Cameron Olbert graduated this year from the Classen School of Advanced Studies. While there, he served as the speaker of the YMCA Youth House of Representatives. Elshaddai Ali is a first-generation Ethiopian-American who graduated this year from Stillwater High School. While there, she served as the Chief Lobbyist of the YMCA Youth and Government Program.
Hi, it’s us, two recent high school graduates from the Class of COVID-19. We’re here to tell you that we see the world’s bullshit and we’re fed up.
The murder of George Floyd by Minneapolis police captured the attention of the nation and soon the entire country was staring its own racist history in the face.
But this moment is about more than just the police. This is a moment of national reckoning with the vastly different experiences of white and Black Americans.
Elshaddai can vouch that things such as her gorgeous hair, her clothes, the way she talks, etc., are all things that she changes about herself as a result of institutional racism. These changes aren’t made because she hates her own culture, rather she feels she has to change around white people in order to avoid being judged – consciously or subconsciously – from the first time she is seen.
Elshaddai, as an African-American, can guarantee that many people will inherently judge her based solely off of the color of her skin; therefore the changing of her appearance is an effort to be seen as more “normal.”
Cameron can vouch for the fact that for white Americans the experiences of Black Americans are often impossible to fathom.
We have no clear answers to this broader issue, but we think that part of why this is so difficult is because of the way racism is taught in schools.
When you teach about issues like the Civil Rights Movement exclusively in political terms, such as how movements like the Freedom Rides and the March on Washington led to the Civil Rights Act, it gives the false impression that Black Americans should expect to be treated entirely the same as white Americans, when the past weeks have made abundantly clear that that is not the case.
Instead, we would like to see a curriculum wherein, from an early age, students learn about the whole history of racism in the United States and how that impacted Americans’ worldview. How events such as the Tulsa Race Massacre occurred and were then collectively forgotten. While doing so, it is worth asking our students and ourselves why it was so forgotten. Where writers like James Baldwin and Maya Angelou are taught alongside Edgar Allen Poe and F. Scott Fitzgerald. Where Africana Studies can be taken at the high school level rather than a college elective.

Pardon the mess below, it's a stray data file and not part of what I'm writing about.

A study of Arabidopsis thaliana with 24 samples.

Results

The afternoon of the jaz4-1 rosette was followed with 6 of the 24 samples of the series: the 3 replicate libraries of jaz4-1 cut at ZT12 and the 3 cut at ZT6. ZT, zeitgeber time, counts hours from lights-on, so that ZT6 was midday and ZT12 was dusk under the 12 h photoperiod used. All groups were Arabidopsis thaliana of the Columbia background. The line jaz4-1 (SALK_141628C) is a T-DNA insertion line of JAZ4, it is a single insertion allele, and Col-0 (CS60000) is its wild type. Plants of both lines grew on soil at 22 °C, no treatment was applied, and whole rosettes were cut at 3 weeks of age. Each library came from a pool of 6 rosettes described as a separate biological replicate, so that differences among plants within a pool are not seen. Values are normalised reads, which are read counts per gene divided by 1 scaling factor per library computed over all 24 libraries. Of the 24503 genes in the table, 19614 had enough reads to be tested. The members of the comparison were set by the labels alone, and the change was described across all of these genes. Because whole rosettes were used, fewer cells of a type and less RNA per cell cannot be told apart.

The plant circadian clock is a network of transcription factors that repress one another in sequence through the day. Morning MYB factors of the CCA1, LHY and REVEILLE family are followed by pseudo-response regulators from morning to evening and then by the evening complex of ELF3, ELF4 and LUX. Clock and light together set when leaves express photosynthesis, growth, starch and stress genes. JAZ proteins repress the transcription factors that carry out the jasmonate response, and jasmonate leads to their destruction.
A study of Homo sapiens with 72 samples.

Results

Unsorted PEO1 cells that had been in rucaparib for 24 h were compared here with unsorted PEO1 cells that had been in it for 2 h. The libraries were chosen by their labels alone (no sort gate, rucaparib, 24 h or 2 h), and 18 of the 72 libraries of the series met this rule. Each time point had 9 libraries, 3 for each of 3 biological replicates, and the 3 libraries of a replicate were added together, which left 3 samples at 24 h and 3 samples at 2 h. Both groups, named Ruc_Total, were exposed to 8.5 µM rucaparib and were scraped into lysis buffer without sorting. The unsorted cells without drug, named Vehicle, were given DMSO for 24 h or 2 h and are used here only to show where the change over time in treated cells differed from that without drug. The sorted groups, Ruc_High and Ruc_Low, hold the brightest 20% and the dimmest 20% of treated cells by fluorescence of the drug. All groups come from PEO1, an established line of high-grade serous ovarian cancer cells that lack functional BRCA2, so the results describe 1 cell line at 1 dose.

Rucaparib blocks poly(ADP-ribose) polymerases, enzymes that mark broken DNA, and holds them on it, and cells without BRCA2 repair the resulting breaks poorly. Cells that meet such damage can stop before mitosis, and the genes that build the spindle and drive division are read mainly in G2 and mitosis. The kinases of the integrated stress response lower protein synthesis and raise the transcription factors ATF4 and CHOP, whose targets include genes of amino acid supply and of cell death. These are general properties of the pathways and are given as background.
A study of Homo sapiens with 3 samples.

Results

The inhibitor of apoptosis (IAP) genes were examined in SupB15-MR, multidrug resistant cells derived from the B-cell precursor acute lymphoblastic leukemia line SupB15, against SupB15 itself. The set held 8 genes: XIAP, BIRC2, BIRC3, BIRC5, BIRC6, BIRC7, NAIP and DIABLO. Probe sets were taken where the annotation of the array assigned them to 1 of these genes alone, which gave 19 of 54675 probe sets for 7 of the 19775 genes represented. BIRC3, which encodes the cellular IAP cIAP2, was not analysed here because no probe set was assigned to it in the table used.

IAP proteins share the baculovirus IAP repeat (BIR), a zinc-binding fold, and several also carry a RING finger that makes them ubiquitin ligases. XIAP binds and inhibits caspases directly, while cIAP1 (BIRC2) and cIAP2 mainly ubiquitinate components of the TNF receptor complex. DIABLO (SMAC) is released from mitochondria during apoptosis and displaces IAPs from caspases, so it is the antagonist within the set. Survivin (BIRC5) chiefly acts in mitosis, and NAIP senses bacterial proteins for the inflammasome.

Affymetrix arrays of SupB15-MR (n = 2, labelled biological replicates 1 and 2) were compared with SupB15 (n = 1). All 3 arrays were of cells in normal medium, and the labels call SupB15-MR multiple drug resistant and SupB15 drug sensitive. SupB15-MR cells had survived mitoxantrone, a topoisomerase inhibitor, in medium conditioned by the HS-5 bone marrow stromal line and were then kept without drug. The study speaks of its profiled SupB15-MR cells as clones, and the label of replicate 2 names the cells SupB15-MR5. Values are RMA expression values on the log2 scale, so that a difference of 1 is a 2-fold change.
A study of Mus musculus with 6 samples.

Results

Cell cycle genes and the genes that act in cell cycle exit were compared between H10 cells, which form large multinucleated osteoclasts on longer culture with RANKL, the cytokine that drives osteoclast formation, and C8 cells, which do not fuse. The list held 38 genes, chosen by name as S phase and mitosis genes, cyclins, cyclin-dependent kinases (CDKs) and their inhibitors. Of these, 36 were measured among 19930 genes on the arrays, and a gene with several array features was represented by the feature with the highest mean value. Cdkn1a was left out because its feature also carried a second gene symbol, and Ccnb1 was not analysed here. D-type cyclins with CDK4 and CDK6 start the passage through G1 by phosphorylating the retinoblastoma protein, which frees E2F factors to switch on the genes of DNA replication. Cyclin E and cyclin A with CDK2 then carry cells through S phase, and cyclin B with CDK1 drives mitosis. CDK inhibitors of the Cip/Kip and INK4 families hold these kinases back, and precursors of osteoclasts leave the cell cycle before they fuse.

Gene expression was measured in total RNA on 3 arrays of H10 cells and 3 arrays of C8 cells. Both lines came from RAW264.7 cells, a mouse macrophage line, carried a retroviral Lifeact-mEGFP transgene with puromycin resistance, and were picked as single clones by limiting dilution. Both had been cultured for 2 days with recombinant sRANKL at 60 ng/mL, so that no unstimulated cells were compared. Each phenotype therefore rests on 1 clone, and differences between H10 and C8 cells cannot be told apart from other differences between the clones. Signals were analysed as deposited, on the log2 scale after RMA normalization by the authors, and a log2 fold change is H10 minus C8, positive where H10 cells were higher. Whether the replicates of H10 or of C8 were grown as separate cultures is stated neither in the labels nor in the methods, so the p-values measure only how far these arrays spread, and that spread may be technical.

We know that education alone is not the only thing that should change in the coming months and years, but if we aim to make a more functional, stronger, happier America, then we should take a page from Germany’s post-Holocaust reckoning with its own history – our own Vergangenheitsbewältigung.
Only when white people are unafraid to confront their entire history – not just the good, but the bad and the ugly, as well – can we actually realize a country with liberty and justice for all.
Generation Z and millennials have a massive opportunity ahead of them. Educated, engaged, and scrappy (especially in Gen Z’s case), America’s young people have the opportunity to sway elections and enact sweeping reforms. The key is whether young white Americans feel as strongly about making change as we want them to be. It’s early, but we think there’s reason to hope so.
At this year’s Oklahoma YMCA Youth and Government state conference, high schoolers from urban, suburban, and rural areas gathered to debate laws that we think should be enacted. As Speaker of the House, Cameron watched as the Youth House almost unanimously passed bills mandating stronger training in de-escalation for police and requiring police brutality cases be handled by the Oklahoma Attorney General’s office, rather than by local district attorneys. Cameron saw white delegates debate in favor of these changes as Black delegates sponsored the bills.
Our generation is paying attention but we need to engage deeper with politics from the local to presidential level and to continually hold our government to a higher standard than they did the day before, while also keeping the social awareness of our differences that are present in our society.
Systemic racism in the United States is one of the most haunting demons that has tormented the spirit of the United States since its inception. As Jon Stewart said in the aftermath of the 2015 Charleston church shooting, “this country has a gaping racial wound that just will not heal.”
Admitting we have a problem is the first step, and to do that all Americans need to be aware of how our history affects us today. For our generation, self-education will only go so far. If we want to ensure that the status quo is changed, then we must admit that the only real solution to systemic racism is systemic anti-racism, and those lessons must start in our schools.